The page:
Lakeisha Atkins Malone is a familiar face on the neurosurgical intensive care unit (NSICU) at Memorial Hermann-Texas Medical Center, where she’s worked as a nurse for nearly three years. But nursing wasn’t her first career.
For almost a decade, Atkins Malone served as a cook in the U.S. Navy before training to become a nurse.
“I was 17 when I signed up to serve in the U.S. Navy,” Atkins Malone said. “I desired to be a nurse when I signed up, but I selected my second career choice – a cook. I was cooking for enlisted personnel and served 1,500 sailors a day and because of my ambition to advance, I quickly transitioned to cooking for officers. In that role, I supervised 30 sailors while cooking for 900 officers each day.”
Her military career allowed her to travel to scenic destinations including Dubai, Cape Town and even the equator. All the while, the ember fueling her desire to become a nurse kept burning. During her last two years in the service, she began to seriously pursue a nursing career.
“What I love most about nursing is being around people during their most sensitive times,” Atkins Malone said. “It definitely takes a special person with a wonderful heart to be the strength for someone when they are having a really tough time.”
After successfully completing nursing school, Atkins Malone began her nursing career at Memorial Hermann. She credits the skills she cultivated in the U.S. Armed Forces in helping her transition into her new role as a bedside nurse.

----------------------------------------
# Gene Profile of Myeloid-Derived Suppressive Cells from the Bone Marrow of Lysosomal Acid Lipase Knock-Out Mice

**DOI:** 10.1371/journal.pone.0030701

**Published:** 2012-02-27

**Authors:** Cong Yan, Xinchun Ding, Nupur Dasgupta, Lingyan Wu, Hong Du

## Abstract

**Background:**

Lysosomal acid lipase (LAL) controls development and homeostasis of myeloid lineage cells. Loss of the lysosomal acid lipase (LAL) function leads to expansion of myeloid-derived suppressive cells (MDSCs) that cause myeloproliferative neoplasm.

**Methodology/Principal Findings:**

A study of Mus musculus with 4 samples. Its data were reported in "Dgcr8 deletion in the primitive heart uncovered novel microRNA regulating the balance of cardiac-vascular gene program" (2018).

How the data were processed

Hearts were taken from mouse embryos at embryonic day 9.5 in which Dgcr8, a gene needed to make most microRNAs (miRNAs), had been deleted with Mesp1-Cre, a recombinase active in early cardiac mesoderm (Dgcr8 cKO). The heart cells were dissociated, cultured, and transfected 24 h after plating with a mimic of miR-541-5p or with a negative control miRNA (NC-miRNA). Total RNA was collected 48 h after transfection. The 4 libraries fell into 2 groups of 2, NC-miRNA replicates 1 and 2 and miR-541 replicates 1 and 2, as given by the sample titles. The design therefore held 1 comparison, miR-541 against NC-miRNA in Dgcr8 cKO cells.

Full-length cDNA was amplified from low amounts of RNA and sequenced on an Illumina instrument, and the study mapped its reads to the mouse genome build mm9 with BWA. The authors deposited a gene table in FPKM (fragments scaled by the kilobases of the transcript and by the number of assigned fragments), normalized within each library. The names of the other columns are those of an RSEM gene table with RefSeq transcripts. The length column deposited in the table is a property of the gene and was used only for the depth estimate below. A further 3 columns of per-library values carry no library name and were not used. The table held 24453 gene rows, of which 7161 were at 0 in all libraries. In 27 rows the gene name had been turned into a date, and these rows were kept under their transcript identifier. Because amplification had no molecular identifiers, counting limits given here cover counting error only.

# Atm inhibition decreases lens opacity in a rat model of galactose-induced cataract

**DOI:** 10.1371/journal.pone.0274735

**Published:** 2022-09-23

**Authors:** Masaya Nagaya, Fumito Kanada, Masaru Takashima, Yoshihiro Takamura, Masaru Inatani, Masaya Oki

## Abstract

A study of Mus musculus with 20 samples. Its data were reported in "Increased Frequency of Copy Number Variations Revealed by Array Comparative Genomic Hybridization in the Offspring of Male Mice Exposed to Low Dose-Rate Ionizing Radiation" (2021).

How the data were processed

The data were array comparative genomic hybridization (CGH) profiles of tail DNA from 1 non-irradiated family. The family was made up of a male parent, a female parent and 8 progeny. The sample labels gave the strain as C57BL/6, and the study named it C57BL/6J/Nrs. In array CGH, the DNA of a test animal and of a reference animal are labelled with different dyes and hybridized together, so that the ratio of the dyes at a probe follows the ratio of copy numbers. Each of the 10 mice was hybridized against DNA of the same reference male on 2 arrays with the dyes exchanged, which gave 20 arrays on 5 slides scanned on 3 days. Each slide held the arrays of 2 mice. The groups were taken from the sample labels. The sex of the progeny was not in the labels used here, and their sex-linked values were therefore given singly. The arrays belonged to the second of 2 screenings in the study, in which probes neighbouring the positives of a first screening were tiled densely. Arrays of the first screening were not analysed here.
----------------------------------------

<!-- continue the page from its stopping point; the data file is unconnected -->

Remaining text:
“When I think of my career in the U.S. Navy in correlation to my career as a nurse, I think of the word ‘submit,’” Atkins Malone said. “I think of being persistent and a strong hand being present. Regardless of the various challenges and adversities that may come, I have to keep pressing forward.”
Atkins Malone says her military experience is often reflected in her ability to provide detail-oriented, patient-centered care – something she says is critical, especially when caring for extremely ill patients.
“Working at Memorial Hermann is the best place for me. Seeing people who are less fortunate keeps me humble. It gives me the extra push I need to continue to do what’s set in my heart, which is to serve.”